Cudjoe Lewis and others fought to return to Africa, but eventually had to settle for recreating Africa here.
In 1928, the acclaimed African-American writer, Zora Neale Hurston (best known for her 1937 novel, Their Eyes Were Watching God), traveled to a small black suburb just north of Mobile, Alabama to interview an elderly man named Cudjoe Lewis. This was not the first time that a black scholar had traveled to Alabama to hear this man’s fascinating life story. The small community where Cudjoe lived was called Africatown. Populated almost entirely by second and third generation Africans, it had been founded 68 years before by a group of former slaves collectively considered to be the last known Africans transported illegally to the United States. Their unique story is perfectly emblematic of the systematic injustices long suffered by members of the African American community.
Cudjoe Lewis (his slave name) was born Oluale Kossola in the Bante region of the West African Kingdom of Dahomey (present day Benin). As a young member of the Yoruba people, Kossala began his training as a warrior at the age of 14. However, before his 20th birthday (right around the time he was expected to take a wife), his village was conquered by a neighboring kingdom. Kossola and other captives were marched to the coastal port city of Ouidah where he was held in a slave pen (barracoon) for three weeks waiting to be sold. It was 1860, and although the slave trade had been banned in the United States for more than 50 years, it is estimated that tens of thousands of Africans were smuggled into the country illegally in the first half of the 19th century.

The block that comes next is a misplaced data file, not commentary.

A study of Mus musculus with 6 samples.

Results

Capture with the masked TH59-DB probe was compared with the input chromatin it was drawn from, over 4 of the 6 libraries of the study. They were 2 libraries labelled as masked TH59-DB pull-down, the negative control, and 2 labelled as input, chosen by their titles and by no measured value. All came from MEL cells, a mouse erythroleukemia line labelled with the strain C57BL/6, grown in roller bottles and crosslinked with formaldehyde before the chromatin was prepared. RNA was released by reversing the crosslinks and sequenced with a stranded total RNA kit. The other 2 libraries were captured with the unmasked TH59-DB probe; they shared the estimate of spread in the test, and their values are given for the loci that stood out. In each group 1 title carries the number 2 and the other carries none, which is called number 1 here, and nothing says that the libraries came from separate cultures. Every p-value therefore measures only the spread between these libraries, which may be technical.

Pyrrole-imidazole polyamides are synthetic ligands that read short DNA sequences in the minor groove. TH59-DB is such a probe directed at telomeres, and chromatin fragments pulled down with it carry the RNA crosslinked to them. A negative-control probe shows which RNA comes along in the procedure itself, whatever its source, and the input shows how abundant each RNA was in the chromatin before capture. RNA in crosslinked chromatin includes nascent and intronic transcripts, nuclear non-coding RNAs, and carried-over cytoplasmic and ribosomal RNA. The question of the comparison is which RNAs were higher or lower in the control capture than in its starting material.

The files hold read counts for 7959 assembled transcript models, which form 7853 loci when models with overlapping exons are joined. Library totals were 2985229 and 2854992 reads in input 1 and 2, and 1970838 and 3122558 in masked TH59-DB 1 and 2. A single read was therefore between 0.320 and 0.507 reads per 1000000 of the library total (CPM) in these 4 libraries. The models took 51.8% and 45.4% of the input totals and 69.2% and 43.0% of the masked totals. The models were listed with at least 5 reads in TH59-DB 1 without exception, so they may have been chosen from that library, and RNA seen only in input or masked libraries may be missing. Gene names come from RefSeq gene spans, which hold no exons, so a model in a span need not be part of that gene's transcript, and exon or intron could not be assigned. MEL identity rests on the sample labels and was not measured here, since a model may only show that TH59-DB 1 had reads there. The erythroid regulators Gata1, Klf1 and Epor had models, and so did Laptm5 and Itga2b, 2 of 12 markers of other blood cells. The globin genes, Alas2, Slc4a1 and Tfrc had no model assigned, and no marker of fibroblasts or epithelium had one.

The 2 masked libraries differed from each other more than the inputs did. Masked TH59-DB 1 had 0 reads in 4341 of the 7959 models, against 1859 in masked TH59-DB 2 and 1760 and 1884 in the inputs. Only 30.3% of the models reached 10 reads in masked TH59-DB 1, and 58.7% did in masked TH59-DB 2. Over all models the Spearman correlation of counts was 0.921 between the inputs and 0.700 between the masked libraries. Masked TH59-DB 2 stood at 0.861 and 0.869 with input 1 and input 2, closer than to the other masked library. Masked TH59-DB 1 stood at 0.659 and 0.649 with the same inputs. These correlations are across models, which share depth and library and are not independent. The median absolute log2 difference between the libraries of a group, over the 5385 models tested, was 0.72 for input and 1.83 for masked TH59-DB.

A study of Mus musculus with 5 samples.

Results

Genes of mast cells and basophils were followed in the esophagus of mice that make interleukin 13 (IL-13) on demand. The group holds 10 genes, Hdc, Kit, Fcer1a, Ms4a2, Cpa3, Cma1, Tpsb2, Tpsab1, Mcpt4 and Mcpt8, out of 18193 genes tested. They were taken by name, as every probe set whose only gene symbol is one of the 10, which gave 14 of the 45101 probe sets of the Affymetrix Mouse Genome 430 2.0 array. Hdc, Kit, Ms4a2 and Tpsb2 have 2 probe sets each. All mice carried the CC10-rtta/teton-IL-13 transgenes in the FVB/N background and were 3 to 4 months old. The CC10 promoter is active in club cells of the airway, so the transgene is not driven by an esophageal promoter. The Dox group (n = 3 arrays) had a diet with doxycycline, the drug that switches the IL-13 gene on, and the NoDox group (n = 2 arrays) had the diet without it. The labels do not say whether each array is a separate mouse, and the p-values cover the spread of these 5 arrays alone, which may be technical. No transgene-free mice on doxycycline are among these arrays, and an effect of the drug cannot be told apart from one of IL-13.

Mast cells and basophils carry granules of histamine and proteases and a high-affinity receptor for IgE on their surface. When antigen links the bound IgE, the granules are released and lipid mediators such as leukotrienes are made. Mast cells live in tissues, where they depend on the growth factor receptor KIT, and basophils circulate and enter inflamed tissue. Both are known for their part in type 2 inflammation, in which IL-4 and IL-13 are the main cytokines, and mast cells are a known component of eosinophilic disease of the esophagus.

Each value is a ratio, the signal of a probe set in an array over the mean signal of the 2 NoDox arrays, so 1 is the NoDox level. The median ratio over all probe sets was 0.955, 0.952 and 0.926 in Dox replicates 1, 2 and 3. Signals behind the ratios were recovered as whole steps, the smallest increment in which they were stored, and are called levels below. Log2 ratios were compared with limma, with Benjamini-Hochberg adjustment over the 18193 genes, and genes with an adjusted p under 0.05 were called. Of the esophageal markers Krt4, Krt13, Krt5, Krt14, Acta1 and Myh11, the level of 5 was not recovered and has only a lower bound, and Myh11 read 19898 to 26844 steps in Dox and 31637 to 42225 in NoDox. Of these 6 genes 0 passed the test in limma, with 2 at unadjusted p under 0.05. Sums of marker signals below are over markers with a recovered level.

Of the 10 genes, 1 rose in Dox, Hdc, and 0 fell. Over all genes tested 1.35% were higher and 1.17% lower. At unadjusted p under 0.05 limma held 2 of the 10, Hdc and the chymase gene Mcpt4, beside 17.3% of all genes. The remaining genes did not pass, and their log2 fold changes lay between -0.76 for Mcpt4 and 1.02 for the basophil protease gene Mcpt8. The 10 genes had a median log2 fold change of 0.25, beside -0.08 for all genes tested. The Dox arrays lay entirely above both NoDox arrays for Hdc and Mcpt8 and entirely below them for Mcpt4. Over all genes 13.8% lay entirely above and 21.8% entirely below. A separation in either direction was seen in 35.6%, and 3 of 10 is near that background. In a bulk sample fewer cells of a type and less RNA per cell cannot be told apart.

The man known as Cudjo Lewis (ca. 1841-1935) was the last survivor of the Clotilda, the last recorded slave ship to the United States, which arrived in Mobile on Sunday July 8, 1860, illegally and under cover of night, 52 years after the country had abolished the international slave trade. Cudjo helped found the Mobile settlement African Town (known today as Africatown) with other formerly enslaved companions from the Clotilda. He gained some small fame at the end of his life when his story was recounted in several articles and a book.